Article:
New York City Democratic mayoral candidate Christine Quinn's interview with Andrea Mitchell on NBC News was a quintessential example of a politician talking out of the side of her mouth. Mitchell asked few questions, instead letting Quinn take viewers on a five minute, two segment hike through a barren forest of stumps.
To Ms. Quinn's credit, she is the front-runner. She reclaimed her nine-point lead over Anthony Weiner, and has used her modicum of national recognition to boost her media presence and campaign fundraising activities.
Quinn is adept at credit claiming, sometimes to the point of ad nausea, and she has put together a top-notch campaign team. She has taken credit for everything from Mayor Michael Bloomberg's smoking ban to holding the ladder for City Hall's janitors when they change the bulbs. She has hired two rising stars in NYC politics: Matt Tepper as her campaign manager and Erik Bottcher as her public liaison. Tepper ran Rep. Carolyn Maloney's successful 2010 campaign and Bottcher was instrumental in advocating Gov. Andrew Cuomo progressive agenda while serving as his special assistant for community affairs.
Quinn hides how much influence the city's real estate industry has over her agenda. The biggest example of which is her promise to encourage the construction and development of more affordable housing options in the city's outer boroughs. Leading real estate executives donated a significant portion of her current $7.5 million campaign haul.
How has this relationship played out during Quinn's time as City Council Speaker? City & State Magazine reported earlier this week that Quinn has helped direct $130-to-$170 million in city funding to Friends of the Highline, an organization that, on the upside, turned the city's rusty West Side elevated rail bridge into a world class park, but, on the downside, worked with Quinn to weaken zoning laws. That helped the real estate industry build unaffordable, park-viewed housing options for the city's high-class buyers. Quinn has also blocked all efforts to put fire sprinklers in New York pet stores, despite a long-list of fires that have killed hundreds of pets. It would be a much needed, morally just rule – but an expensive one for building owners.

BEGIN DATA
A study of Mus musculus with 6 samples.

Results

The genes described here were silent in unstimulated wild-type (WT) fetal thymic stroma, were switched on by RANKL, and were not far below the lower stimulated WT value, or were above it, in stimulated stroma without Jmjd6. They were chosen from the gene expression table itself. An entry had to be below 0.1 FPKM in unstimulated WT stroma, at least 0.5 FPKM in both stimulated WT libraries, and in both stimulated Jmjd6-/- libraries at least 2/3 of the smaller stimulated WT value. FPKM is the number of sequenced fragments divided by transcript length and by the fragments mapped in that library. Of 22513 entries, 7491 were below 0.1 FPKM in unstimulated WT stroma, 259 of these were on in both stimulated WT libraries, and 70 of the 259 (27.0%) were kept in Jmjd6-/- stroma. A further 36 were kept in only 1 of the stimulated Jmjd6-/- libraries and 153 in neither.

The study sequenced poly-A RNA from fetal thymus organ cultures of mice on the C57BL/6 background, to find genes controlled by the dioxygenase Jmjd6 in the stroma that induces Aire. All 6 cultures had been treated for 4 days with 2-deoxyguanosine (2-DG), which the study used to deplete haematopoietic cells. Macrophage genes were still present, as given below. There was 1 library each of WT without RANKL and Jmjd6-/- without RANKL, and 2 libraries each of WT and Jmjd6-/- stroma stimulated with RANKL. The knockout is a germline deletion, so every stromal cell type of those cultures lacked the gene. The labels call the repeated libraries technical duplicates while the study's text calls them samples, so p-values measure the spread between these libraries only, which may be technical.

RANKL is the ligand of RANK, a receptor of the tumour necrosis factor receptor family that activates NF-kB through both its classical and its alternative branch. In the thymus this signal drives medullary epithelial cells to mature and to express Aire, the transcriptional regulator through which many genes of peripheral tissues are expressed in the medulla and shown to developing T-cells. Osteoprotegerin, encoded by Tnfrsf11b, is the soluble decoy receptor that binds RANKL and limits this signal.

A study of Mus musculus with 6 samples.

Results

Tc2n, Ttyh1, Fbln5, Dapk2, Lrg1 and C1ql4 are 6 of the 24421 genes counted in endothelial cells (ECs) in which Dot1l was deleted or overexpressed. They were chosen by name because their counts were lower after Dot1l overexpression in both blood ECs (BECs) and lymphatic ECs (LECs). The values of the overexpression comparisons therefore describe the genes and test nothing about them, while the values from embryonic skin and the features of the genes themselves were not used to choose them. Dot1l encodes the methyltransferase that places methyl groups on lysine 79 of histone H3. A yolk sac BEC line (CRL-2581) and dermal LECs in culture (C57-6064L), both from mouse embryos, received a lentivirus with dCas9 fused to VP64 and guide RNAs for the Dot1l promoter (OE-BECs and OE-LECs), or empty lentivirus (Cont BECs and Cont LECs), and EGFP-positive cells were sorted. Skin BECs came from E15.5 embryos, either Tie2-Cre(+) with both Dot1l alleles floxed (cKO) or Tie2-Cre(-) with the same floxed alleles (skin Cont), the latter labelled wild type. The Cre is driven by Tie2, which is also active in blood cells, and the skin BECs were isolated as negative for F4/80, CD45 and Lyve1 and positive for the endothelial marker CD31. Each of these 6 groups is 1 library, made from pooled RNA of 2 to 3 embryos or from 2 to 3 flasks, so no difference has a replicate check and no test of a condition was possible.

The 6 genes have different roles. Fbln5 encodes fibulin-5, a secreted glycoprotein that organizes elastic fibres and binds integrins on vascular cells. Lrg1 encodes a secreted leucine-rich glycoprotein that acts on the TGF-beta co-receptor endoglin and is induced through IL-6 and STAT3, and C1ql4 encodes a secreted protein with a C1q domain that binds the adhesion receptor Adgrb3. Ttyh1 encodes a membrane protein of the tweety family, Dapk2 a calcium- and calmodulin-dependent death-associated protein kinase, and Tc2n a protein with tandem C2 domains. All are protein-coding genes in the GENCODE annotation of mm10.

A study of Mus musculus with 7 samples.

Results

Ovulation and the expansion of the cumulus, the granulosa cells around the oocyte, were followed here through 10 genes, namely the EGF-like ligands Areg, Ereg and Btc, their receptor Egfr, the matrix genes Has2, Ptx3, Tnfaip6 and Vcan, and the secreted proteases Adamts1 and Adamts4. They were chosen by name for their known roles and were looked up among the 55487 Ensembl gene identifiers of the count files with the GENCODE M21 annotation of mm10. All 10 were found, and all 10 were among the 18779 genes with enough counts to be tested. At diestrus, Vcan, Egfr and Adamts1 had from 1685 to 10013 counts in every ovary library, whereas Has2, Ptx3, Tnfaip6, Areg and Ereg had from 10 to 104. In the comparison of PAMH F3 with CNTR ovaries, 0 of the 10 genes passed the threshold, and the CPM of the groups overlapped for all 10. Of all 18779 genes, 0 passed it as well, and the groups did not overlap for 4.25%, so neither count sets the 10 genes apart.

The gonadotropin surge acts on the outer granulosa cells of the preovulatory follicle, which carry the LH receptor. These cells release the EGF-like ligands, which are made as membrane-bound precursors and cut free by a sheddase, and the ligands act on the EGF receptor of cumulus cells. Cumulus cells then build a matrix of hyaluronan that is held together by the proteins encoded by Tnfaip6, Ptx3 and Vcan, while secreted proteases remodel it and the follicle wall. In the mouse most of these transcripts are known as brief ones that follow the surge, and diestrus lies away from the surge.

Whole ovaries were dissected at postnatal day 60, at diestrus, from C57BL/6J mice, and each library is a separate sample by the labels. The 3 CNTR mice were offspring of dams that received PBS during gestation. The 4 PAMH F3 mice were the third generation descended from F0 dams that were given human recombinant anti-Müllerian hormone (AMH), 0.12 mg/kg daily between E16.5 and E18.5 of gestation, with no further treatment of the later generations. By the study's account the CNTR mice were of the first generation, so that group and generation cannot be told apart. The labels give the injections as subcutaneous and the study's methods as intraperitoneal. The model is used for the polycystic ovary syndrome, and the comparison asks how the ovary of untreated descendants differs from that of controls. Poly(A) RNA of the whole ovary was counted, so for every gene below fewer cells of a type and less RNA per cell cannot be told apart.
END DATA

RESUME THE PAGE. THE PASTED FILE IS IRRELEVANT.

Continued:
Quinn broke a cardinal rule in her Mitchell interview: don't make direct statements on the scandal problems of your opponent. Instead of delegating this job to one of her surrogates, she called on Anthony Weiner to leave the race because his staying in weakens the integrity of the electoral process.
Let's be honest, she wants him out because if he can recover from the latest reveal of, pardon my expression, his "PP-selfies," he could trigger a run-off in this fall's Democratic primary. Run-off campaigns are notoriously expensive, and would give the Republican candidate an edge on November 5th.
Quinn needs to be more honest about her agenda, and stay out of the Weiner flap. Otherwise, she's going to give the press good cause to peel the layers back on her own list of questionable activities, ranging from her management of the city's slush fund, which came under fire in 2007, and the complaint Brooklyn attorney Garfield Heskop filed last week regarding reimbursements she received for travel to the Gay Lesbian Victory Fund's fundraising events.
Voters must also make efforts to parse through Ms. Quinn rhetoric to accomplish their number one mission during this campaign: Learn as much about the candidate's records to cast an informed vote on November 5.